Summer break is over, so let me catch up with what’s available in free TV viewing. For sheer quantity, there’s more than anyone could ever want.
First and foremost, over-the-air TV remains strong. With digital sub-channels, the typical viewer has dozens of choices. Here at FTABlog World Headquarters in Denver, I receive 68 channels. Your mileage will vary, of course; according to TitanTV, there are over 90 channels available in New York City and over 140 in Los Angeles but only 32 in Springfield MO. There’s a storm cloud on the horizon with the FCC’s upcoming TV spectrum auction, which could cause some of those stations disappear to make room for more mobile internet access. We’ll have to wait and see how that shakes out.
Next is FTABlog’s raison d’etre: free-to-air satellite TV. There are almost 300 free TV channels available with a pretty small Ku-band dish. Over 90 of those are in English, and that doesn’t include the many news feeds, sports feeds, and other such transient satellite signals. If you have a big C-band dish, there are another couple hundred interesting free channels to watch.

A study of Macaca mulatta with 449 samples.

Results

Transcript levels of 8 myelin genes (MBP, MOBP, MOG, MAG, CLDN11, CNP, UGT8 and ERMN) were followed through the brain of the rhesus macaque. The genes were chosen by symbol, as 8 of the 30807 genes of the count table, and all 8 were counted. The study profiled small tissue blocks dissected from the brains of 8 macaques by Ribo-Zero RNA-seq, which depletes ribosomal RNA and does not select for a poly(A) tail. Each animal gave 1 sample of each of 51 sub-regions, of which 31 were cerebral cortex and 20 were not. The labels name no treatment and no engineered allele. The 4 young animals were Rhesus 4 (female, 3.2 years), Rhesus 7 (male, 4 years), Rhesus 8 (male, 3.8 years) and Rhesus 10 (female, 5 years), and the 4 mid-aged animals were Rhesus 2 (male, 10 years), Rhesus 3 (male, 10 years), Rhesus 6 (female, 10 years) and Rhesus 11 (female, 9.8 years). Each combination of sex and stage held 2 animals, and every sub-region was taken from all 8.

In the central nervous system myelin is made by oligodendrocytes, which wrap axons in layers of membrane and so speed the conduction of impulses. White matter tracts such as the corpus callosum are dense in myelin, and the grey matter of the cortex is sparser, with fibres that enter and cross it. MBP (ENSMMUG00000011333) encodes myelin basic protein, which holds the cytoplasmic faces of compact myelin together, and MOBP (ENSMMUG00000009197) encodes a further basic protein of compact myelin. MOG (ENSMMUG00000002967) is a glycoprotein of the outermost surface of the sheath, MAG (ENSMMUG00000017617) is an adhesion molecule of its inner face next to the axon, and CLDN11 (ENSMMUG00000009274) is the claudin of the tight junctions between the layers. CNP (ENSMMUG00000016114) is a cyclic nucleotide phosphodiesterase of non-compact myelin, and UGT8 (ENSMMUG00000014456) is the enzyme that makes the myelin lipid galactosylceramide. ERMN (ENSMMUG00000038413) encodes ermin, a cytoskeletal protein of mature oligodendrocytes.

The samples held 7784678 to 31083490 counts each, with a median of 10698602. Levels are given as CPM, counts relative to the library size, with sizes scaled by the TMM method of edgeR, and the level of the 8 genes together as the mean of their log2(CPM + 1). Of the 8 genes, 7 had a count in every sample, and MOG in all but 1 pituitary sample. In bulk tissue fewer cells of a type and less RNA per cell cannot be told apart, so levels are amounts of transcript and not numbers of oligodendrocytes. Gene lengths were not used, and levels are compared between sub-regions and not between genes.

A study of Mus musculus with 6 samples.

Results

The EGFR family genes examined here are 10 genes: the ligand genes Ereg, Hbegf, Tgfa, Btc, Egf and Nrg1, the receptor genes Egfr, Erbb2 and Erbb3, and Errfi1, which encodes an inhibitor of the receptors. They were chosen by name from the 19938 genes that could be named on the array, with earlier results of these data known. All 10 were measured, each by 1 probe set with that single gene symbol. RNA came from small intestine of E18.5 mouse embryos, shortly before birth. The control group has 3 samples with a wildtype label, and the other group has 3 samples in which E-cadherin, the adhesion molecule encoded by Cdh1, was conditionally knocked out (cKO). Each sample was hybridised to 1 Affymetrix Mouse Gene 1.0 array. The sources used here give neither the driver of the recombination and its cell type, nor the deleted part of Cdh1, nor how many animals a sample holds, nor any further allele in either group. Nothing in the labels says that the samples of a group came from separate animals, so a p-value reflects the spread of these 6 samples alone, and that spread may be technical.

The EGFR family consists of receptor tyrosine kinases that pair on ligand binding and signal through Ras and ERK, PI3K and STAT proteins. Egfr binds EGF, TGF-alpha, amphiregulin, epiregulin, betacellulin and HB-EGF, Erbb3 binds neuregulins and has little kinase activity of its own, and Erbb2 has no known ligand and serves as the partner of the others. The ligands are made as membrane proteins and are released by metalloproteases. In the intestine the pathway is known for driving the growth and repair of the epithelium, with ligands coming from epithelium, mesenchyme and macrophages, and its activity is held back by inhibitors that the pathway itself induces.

With broadband internet access, there are plenty of interesting options, although they haven’t changed much lately. With Aereo and Nimble TV gone, there aren’t any good ways to watch streaming US OTA channels, unless it comes from your own antenna, but there’s still a lot to watch. FilmOn continues to provide a wide range of channels, and internet video aggregator Rabbit TV (not quite free) got a mention at USA Today this week. Pluto TV includes dozens of channels including live news feeds. For ad-supported free TV that isn’t live, there’s Crackle and some parts of Hulu, and for more old TV and movies than you’ll ever have time to watch, there’s the Internet Archive.
There’s a chance we could see an avalanche of streaming channels, OTA and otherwise, if the FCC gives online services full rights and responsibilities as multichannel video programming distributors like cable and satellite providers. Imagine if broadcasters had to negotiate in good faith with the likes of FilmOn. This could open up a whole new category of video service.
Hey, I even had to update the About page here to reflect a change in free (as in free speech) TV. For years, it was nigh impossible to watch reruns of Spenser: For Hire. Period. No reruns on any network, no streaming services, no DVDs. Now that last option, at least, is available as print-on-demand sets on Amazon. Robert Urich, rest his soul, is no Spenser, but Avery Brooks was born to play Hawk. Now I’ll have to start wishing for something else, maybe the complete Fernwood 2 Night?
All in all, it’s a great time to be watching free TV. Discover something you like, kick back, and enjoy.